The original complaint charges that Idacorp and certain of its and directors violated Sections 10(b) and 20(a) of the Securities Exchange Act of 1934, and Rule 10b-5 promulgated thereunder, by issuing a series of material misrepresentations to the market between February 1, 2002 and June 4, 2002, about the Company's financial outlook, thereby artificially inflating the price of Idacorp stock. More specifically, the Complaint alleges that the Company failed to disclose and misrepresented the following material adverse facts which were known to defendants or recklessly disregarded by them: (1) that the Company failed to appreciate what the negative impact of lower volatility and reduced pricing spreads in the Western wholesale energy market would have on its marketing subsidiary, Idacorp Energy; (2) that the Company was forced to limit its origination activities to shorter-term transactions due to increasing regulatory uncertainty and continued deterioration of credit-worthy counter parties; (3) that the Company failed to discount for the fact that Idaho Power may not recover from the lingering effects from last year's regional drought; and (4) that, as a result of the foregoing, defendants lacked a reasonable basis for their positive statements about the Company and their earnings projections.
The complaint further alleges that on June 4, 2002, Idacorp, citing stagnant wholesale energy markets and the continued pressure of drought lowered its 2002 earnings guidance to a range between $1.35 and $1.70 per share. News of this shocked the market, shares of Idacorp plunged down $5.80 per share or 17.26% to close at $27.80 per share on June 4, 2002.
On August 31, 2004, the Honorable Edward J. Lodge consolidated the action, appointed lead plaintiff and approved selection of lead and liaison counsel. On October 29, 2004, the lead plaintiff filed a Consolidated Complaint. The defendants responded by filing a motions to dismiss the Consolidated Complaint.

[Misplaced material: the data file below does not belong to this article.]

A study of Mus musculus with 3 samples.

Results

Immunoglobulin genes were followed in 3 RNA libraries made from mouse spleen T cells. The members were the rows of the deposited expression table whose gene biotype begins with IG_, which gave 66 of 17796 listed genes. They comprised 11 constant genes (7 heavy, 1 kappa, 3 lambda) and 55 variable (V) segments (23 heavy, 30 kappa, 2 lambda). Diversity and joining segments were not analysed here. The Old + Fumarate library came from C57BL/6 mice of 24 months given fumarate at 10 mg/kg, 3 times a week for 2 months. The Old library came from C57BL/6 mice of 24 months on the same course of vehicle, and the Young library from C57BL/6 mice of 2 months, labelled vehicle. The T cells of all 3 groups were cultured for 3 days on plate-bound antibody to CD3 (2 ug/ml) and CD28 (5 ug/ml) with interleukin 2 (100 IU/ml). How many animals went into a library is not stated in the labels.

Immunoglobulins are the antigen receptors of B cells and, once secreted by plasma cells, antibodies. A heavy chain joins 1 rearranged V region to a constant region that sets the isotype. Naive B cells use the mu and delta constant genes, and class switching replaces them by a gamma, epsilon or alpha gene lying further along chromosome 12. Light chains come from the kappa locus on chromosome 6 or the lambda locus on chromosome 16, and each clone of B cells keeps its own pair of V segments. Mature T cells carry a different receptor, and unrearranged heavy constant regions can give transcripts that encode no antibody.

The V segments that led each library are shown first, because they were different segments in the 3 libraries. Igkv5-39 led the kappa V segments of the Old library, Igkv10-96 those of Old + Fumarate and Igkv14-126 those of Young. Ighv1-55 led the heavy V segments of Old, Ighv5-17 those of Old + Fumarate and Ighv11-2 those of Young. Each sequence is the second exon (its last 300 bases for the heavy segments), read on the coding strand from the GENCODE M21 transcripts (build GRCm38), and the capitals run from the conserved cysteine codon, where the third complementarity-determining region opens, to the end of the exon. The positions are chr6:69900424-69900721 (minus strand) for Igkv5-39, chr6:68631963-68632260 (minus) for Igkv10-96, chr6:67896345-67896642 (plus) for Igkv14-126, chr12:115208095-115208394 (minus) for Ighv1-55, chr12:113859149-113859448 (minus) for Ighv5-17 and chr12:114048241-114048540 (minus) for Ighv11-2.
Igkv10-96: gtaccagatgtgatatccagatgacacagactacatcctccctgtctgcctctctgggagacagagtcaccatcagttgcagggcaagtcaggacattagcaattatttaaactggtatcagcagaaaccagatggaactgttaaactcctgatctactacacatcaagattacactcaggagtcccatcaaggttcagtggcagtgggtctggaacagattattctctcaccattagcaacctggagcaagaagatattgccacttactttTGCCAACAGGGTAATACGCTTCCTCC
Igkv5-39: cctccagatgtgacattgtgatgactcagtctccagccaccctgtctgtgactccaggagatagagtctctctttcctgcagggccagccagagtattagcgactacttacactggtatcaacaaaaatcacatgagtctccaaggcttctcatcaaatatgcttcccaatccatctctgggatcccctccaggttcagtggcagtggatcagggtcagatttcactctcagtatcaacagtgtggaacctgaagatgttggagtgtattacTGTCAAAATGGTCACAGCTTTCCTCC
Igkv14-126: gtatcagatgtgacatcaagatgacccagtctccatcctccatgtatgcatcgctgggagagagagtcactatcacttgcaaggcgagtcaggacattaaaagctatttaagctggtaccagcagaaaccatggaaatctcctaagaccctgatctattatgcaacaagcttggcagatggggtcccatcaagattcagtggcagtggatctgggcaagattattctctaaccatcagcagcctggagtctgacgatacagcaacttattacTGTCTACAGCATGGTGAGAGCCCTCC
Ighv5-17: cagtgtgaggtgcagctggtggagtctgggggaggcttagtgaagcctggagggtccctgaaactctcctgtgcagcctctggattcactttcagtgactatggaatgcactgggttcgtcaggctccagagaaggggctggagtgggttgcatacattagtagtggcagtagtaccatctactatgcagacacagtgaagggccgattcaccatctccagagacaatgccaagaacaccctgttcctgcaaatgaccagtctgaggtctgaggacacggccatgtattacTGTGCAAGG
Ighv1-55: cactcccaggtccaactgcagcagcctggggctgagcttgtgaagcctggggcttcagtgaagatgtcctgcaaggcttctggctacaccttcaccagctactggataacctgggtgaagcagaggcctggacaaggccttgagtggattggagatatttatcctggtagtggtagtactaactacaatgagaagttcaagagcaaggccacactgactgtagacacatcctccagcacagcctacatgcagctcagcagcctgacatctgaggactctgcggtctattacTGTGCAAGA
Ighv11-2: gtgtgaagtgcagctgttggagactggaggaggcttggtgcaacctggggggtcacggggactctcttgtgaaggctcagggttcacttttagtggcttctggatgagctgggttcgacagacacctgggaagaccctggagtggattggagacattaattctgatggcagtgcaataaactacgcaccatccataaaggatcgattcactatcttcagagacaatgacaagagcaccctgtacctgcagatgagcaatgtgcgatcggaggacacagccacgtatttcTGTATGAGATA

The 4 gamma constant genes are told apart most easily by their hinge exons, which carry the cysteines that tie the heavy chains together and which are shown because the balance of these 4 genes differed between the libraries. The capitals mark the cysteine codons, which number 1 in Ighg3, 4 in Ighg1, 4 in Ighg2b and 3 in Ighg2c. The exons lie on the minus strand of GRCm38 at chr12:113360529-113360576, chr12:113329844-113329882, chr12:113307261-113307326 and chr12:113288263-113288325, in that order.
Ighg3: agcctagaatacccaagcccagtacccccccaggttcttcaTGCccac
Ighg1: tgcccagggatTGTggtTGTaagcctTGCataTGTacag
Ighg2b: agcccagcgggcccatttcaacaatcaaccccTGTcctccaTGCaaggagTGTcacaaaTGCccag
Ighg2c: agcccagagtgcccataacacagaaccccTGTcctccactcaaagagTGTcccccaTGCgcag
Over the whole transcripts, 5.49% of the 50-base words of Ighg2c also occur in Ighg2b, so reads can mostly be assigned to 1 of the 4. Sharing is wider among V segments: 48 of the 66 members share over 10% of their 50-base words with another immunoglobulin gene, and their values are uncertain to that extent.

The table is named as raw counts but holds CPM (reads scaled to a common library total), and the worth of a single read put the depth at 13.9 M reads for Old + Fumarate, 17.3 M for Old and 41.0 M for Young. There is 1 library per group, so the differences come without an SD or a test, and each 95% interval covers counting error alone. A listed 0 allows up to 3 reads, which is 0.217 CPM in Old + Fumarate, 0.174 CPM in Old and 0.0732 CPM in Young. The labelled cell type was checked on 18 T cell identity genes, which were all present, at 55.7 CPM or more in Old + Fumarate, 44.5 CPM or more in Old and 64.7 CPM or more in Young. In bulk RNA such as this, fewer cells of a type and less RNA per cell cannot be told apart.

According to a press release dated April 3, 2006, two 2004 shareholder lawsuits against Idacorp and four executives were dismissed by a federal judge, who agreed with a September 2005 finding by a magistrate judge that plaintiffs did not show a connection between the company's alleged material misrepresentations and their financial losses, as required by a 2005 US Supreme Court decision. In the September proposed recommendation, Magistrate Judge Mikel Williams, of US District Court for the District of Idaho, also concluded it would be futile to allow the plaintiffs to file an amended complaint, because it was unlikely they would be able to cure their pleading deficiencies. On March 29, District Judge Edward Lodge agreed, but nevertheless allowed the plaintiffs until May 1 to file an amended complaint only on the "loss causation" issue (Powell vs. Idacorp et al, Case 04-CV-00249, and Shorthouse et al vs. Idacorp et al, Case 04-CV-0322). Williams determined that the plaintiffs did not satisfactorily plead loss causation (i.e., a causal connection between the alleged misrepresentations and their losses), as required by the April 19, 2005 US Supreme Court decision in Dura Pharmaceuticals, Inc. v. Broudo, 544 U.S. 336, 125 S. Ct. 1627).
On May 1, 2006, the plaintiff filed a First Amended Consolidated Complaint for Violation of the Federal Securities Laws against all defendants. Later, on May 21, 2007 the judge dismissed the case with prejudice. Plaintiffs filed an appeal on June 19, 2007, to the US Court of Appeals. On October 9, 2007, the appellant voluntarily dismissed his appeal with prejudice.